If you offer a mobile application that allows consumers to watch videos of any kind, and if you share that video-viewing information with an analytics firm, take careful note: On April 29, in Yershov v. Gannett Satellite Information Network, Inc., No 15-1719, a panel of the First Circuit Court of Appeals that included retired Justice Souter took a very broad reading of the federal Video Privacy Protection Act (VPPA), and allowed a potentially mega-damages VPPA claim to proceed against the parent of the USA Today newspaper.
The VPPA, enacted in 1988 after a reporter printed a list of videos rented by then-Supreme Court nominee Robert Bork, is a video rental store-era statute containing terms like “video tape service provider.” The legislative history shows that its framers had emerging technologies in mind, too, and Congress amended the statute just a few years ago to make it easier for streaming services to obtain user consent to share information with analytics firms for the purpose (among other things) of displaying targeted advertising. If the furnisher of videos shares “information which identifies a person as having requested or obtained specific video materials,” and that “person” is a “renter, purchaser, or subscriber,” the company may be liable to all such “persons” to the tune of $1500 per violation, even absent any actual damages.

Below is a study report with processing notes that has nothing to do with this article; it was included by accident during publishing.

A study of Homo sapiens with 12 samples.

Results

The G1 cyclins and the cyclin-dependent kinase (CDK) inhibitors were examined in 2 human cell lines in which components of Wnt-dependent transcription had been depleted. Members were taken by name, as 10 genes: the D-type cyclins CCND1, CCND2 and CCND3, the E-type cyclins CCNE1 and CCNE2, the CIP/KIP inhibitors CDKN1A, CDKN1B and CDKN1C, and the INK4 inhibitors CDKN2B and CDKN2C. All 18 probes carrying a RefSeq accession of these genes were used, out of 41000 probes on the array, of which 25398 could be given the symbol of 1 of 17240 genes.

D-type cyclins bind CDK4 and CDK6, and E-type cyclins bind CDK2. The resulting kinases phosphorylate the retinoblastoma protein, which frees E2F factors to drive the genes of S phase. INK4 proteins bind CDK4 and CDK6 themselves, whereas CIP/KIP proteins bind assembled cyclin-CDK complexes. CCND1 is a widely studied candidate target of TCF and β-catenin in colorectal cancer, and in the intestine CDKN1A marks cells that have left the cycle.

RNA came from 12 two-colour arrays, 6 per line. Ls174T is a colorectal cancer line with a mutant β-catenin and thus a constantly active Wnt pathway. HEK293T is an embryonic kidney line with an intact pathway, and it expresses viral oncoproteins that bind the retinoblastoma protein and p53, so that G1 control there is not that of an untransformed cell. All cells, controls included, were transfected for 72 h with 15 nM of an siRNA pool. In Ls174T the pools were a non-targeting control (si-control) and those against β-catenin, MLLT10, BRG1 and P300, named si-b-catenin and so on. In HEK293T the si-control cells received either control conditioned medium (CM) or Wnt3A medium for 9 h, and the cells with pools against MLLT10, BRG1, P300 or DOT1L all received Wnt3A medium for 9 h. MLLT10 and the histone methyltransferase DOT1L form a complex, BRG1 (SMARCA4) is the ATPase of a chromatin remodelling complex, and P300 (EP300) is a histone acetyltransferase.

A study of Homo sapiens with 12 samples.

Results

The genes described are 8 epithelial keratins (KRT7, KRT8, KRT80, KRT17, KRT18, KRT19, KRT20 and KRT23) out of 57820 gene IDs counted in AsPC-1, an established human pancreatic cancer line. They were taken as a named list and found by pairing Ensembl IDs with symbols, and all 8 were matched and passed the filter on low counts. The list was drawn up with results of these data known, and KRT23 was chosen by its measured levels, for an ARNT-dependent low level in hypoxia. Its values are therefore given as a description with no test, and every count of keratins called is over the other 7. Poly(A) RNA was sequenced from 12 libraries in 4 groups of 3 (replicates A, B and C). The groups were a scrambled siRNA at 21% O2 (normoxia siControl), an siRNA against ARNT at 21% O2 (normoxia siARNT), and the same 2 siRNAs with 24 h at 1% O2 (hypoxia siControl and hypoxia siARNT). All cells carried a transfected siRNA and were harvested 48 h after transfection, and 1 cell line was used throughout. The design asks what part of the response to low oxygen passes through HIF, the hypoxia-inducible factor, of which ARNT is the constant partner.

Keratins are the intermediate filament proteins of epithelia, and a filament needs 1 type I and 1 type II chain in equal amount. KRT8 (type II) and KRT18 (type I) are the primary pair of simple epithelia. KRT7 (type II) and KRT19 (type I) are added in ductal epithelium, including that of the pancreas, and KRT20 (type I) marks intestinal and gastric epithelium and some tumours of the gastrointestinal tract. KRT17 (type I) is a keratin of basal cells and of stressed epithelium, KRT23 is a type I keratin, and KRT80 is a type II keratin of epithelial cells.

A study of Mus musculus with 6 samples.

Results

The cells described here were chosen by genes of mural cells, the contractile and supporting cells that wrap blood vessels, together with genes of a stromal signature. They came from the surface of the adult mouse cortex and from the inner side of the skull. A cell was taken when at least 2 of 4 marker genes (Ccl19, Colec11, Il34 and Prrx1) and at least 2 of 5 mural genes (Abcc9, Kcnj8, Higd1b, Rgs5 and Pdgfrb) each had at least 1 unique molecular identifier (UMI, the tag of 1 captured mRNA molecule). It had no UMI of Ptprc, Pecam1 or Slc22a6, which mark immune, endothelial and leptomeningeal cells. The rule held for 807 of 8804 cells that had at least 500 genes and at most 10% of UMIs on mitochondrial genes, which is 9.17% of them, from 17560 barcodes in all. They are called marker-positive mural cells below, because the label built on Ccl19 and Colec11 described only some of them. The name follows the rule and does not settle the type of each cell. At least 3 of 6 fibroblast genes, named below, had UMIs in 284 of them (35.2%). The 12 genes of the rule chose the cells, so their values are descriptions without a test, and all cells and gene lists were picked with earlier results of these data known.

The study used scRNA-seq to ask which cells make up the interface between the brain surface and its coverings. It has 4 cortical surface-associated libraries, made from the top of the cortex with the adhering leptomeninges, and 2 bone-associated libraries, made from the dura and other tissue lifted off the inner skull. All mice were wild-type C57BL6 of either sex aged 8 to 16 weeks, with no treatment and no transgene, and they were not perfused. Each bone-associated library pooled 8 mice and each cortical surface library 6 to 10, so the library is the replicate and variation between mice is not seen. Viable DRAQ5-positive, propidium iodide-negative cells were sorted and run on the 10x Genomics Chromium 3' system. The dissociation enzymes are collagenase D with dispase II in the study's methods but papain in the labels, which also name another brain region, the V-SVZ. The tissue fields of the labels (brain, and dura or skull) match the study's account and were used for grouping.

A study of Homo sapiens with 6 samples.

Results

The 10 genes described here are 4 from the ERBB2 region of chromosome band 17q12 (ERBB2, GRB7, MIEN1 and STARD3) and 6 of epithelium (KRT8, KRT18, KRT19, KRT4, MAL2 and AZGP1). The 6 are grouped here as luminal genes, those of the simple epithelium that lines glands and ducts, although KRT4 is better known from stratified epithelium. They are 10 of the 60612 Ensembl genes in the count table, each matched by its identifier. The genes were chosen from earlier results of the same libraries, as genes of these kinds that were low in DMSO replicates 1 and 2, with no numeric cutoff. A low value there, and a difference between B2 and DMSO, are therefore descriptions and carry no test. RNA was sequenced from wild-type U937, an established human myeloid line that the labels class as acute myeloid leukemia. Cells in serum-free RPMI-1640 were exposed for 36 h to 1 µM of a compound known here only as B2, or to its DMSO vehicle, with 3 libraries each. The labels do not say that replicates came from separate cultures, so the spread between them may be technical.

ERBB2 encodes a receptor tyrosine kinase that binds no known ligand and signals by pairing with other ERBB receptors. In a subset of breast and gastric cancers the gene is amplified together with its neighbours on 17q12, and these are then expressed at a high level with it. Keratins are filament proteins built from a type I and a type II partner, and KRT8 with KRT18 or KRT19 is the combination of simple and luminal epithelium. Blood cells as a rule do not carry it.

Several courts, including the Eleventh Circuit just a few months ago, held that simply downloading a mobile app does not make one a “subscriber.” But the First Circuit disagreed: “[B]y installing the app on his phone, thereby establishing seamless access to an electronic version of USA Today, [the plaintiff] established a relationship with Gannett that is materially different from what would have been the case had USA Today simply remained one of millions of sites on the web that [the plaintiff] might have accessed through a web browser.” The 11th Circuit held apps to be no more “subscriber”-worthy than websites, but the First Circuit asked “[w]hy, after all, did Gannett develop and seek to induce downloading of the app,” if not to create a quantifiably different experience?
The First Circuit also took a broad view of what constitutes personally identifiable information under the VPPA. It already was clear that video providers need not necessarily disclose an actual name, if they disclosed enough information that would allow the recipient to more or less discover that name. In Yershov, the plaintiffs alleged that Gannett provided analytics firm Adobe with the unique device identifier of app users’ Android phones as well as GPS information showing where each user was located. That, the court held, was enough. It acknowledged that “there is certainly a point at which the linkage of information to identity becomes too uncertain, or too much yet-to-be-done, or unforeseeable detective work,” but thought that the plaintiffs has “plausibly alleged” enough knowledge by Adobe to get them over the hump.
We encourage all mobile app providers, if users can view videos on the app, to determine if they are sharing video viewing information with any third party, and if so, whether they are obtaining user consent for that sharing in the manner called for under the VPPA.